Who is Animath?
Animath is a French, non-profit association that seeks to encourage a taste for mathematics and to promote its practice amongst young adults. The organization relies on the efforts of over 200 volunteers, a small group of five employees, and sponsors from private and public sectors alike to successfully carry out their activities.
Thousands of middle and high school students around the country benefit from actions promoted and curated by Animath, such as internships, prestigious national and international competitions, meetings with researchers, and several events.
Since their origins in 1998, the majority of these events have taken place in physical venues. Despite having the expertise of coordinating fully-virtualized activities, until May 2020 the organization hadn’t needed to plan for any sort of larger-scale event.
With the outbreak of Covid-19 and the French government’s lockdown measures at the beginning of the year, Animath were faced with a challenge: Bringing the Salon Culture & Jeux Mathématiques (Culture and Mathematical Games Conference in English), their biggest event of the year, 100% into the virtual-sphere.
“When lockdown began, we decided we should try our best to maintain our activities and a notion of normalcy. While most events around us were being canceled, we saw an opportunity to try and talk about different subjects other than the unfortunate circumstances of the pandemic. To focus on maintaining our usual activities as best as we could and keep on surviving.” says Fabrice Rouillier, Chairman of Animath.
Fabrice and his team sought out solutions that could help them host a remote event with expected 40,000 attendees. At first, they tested out more widely-adopted tools such as Zoom for video conferencing, and Twitch for streaming, using them to give out daily talks about math. However, when considering the much larger dimension that the Salon would entail and France’s GDPR requirements, they decided to search for scalable solutions, hosted in France and GDPR compliant.
In parallel, Scaleway had just announced the Ensemble platform, which provided Jitsi and BigBlueButton video conferencing rooms hosted for free on their instances. The Animath team, who had already stumbled upon Scaleway in their searches, were excited to discover the endeavor since they intended to use BigBlueButton for the video conferencing.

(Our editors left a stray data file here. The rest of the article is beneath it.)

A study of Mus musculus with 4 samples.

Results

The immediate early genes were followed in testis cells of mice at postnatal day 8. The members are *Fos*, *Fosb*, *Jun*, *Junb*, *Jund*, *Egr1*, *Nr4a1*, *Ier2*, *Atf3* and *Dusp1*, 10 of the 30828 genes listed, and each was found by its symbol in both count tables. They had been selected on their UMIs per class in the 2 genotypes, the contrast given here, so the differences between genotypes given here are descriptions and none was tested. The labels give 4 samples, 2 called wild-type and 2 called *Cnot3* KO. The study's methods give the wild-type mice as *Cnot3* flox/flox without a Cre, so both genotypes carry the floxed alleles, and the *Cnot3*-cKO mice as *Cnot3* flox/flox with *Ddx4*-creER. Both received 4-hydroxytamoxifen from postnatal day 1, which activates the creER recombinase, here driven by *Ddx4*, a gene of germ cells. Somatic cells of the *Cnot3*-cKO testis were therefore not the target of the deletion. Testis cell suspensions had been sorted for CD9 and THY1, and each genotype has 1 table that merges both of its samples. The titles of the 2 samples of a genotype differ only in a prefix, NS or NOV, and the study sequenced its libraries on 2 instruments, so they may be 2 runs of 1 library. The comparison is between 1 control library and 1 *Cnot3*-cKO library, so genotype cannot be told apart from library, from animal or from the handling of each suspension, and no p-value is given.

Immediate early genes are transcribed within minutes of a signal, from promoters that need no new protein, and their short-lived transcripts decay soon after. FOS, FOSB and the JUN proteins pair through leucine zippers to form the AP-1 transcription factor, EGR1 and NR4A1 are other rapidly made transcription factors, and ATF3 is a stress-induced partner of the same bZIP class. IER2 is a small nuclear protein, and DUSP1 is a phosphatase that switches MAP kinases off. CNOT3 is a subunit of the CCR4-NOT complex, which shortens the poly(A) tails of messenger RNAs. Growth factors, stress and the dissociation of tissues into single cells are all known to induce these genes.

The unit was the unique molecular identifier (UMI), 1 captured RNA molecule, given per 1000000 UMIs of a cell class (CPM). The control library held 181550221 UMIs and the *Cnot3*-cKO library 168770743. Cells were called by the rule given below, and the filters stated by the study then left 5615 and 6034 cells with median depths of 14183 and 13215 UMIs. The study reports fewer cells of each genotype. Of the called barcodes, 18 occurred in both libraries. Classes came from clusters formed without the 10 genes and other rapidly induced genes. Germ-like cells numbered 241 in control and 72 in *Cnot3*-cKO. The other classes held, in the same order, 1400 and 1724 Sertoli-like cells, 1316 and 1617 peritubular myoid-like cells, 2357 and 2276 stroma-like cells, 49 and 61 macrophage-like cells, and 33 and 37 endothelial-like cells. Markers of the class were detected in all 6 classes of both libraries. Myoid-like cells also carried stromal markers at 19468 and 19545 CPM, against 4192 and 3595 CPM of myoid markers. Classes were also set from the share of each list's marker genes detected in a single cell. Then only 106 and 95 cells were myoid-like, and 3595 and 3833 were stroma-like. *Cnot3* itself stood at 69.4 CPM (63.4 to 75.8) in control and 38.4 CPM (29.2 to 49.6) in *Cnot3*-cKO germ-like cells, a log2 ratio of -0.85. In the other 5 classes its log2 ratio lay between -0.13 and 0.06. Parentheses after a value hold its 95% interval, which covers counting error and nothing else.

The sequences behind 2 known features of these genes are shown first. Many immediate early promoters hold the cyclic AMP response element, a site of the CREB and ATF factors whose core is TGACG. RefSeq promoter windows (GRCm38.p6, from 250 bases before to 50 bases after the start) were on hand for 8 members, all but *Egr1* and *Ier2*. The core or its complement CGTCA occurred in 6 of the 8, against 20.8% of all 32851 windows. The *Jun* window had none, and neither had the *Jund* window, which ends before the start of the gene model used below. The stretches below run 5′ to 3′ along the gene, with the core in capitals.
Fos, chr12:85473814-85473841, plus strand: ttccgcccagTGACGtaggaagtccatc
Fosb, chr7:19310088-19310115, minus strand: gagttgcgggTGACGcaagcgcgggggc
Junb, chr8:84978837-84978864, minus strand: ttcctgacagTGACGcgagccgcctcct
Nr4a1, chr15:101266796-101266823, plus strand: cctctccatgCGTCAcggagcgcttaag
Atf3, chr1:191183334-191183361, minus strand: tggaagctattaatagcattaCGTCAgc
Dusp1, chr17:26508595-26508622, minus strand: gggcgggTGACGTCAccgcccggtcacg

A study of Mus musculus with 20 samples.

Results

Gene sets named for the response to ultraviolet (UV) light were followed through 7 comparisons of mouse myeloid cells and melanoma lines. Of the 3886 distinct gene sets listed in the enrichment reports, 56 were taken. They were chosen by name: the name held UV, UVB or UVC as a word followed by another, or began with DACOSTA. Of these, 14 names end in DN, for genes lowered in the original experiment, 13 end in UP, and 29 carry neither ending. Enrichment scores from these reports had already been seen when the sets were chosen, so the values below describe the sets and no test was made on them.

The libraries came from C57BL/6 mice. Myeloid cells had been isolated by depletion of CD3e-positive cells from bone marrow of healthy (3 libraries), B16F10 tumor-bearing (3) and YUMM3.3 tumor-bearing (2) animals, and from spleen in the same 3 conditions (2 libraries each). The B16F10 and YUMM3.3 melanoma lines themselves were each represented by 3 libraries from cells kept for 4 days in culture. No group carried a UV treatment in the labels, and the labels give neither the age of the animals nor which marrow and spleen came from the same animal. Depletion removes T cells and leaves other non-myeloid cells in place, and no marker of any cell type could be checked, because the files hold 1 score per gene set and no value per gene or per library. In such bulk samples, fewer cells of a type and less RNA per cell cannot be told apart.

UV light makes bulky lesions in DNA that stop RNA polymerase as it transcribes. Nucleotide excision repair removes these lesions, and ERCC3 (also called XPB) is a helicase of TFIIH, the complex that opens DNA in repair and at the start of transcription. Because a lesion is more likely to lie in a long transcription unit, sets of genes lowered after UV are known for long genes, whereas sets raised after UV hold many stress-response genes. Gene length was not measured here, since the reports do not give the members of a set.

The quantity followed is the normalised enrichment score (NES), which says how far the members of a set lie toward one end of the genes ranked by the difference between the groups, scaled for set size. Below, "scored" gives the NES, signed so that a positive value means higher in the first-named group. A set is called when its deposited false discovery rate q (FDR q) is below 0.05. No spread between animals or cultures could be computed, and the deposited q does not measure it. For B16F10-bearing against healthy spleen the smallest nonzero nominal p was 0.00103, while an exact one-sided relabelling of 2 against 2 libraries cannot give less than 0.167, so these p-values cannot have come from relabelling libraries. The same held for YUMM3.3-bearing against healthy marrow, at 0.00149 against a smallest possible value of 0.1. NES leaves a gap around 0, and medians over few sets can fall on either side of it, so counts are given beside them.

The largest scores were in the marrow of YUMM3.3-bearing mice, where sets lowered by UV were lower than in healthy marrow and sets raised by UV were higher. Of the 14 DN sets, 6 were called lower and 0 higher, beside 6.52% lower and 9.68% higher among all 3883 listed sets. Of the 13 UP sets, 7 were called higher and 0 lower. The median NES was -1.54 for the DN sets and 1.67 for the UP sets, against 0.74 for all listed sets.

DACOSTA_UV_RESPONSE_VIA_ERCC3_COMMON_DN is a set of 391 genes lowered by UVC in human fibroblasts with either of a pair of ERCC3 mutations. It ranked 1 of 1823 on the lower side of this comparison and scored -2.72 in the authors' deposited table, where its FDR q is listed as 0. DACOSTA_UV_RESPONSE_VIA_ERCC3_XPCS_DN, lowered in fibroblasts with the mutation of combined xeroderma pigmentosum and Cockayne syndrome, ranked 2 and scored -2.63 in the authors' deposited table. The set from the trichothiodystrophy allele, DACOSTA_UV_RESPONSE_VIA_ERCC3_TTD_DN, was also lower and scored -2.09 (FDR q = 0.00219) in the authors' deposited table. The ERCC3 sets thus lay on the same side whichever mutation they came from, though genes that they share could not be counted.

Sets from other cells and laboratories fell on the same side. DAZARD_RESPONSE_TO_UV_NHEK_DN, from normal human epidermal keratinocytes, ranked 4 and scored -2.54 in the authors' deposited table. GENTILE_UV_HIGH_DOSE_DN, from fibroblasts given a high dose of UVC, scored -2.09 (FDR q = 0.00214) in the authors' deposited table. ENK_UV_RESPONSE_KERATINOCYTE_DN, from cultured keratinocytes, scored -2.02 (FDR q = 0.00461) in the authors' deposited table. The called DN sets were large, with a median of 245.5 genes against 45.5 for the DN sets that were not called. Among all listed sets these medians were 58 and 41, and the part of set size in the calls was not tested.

However, the technical specifications of the Ensemble instances did not exactly match the association’s requirements
According to Fabrice Rouillier:
“When using BBB, you employ 1GHz of regular x86 CPU processing power per webcam. When running it on a 48 core instance you can turn on 100 webcams simultaneously, without counting the hundreds of other possible connected users who have not turned on their webcams. Whether you have 10 sessions of 10 webcams or one session of 100 webcams, will not make a difference from an instance point of view. The most important elements to consider are processing power, frequency, and bandwidth. In this case, we found that Scaleway’s larger General Purpose instances were the best match for the project.”
After trying out several different configurations, Animath decided to deploy BigBlueButton on three GP1-XL instances, and create a streaming server on a smaller instance which is also used to bounce the video stream on YouTube and Twitch. Over the five days of the event, 40,000 people were able to enjoy the day-long presentation schedule, access different virtual stands, and participate in activities, due to a well thought out cloud architecture and the stability of the computing infrastructure. The set-up worked so well that Animath was able to scale down the size of the instances on the second day of the conference.
The possibility of creating environments at scale, being hosted in France by a company compliant with GDPR, helped Fabrice Rouillier decide to migrate the entirety of Animath’s infrastructure to Scaleway, and beyond that, to dockerize all their current solutions.
Animath would like to eventually develop a solution, built on Kubernetes, that quickly deploys the infrastructure to host their “Speed Dating” (sessions that put female students in touch with math researchers in order to bring the first closer to the world of mathematics) events.
Moreover, the association is currently studying Bare Metal and Dedibox offers to host their day-to-day workload.
Each of Animath’s projects and events may have different architectures, as the number of users and type of activity impact the computing requirements. For the organization, being able to set-up an instance as big as necessary and have it running in a matter of minutes, being able to scale the instances according to their needs and pay only for what they are using all while making sure the privacy and data of the students are truly protected, are essential in a context where the virtualization of learning environments has yet to see an end-date.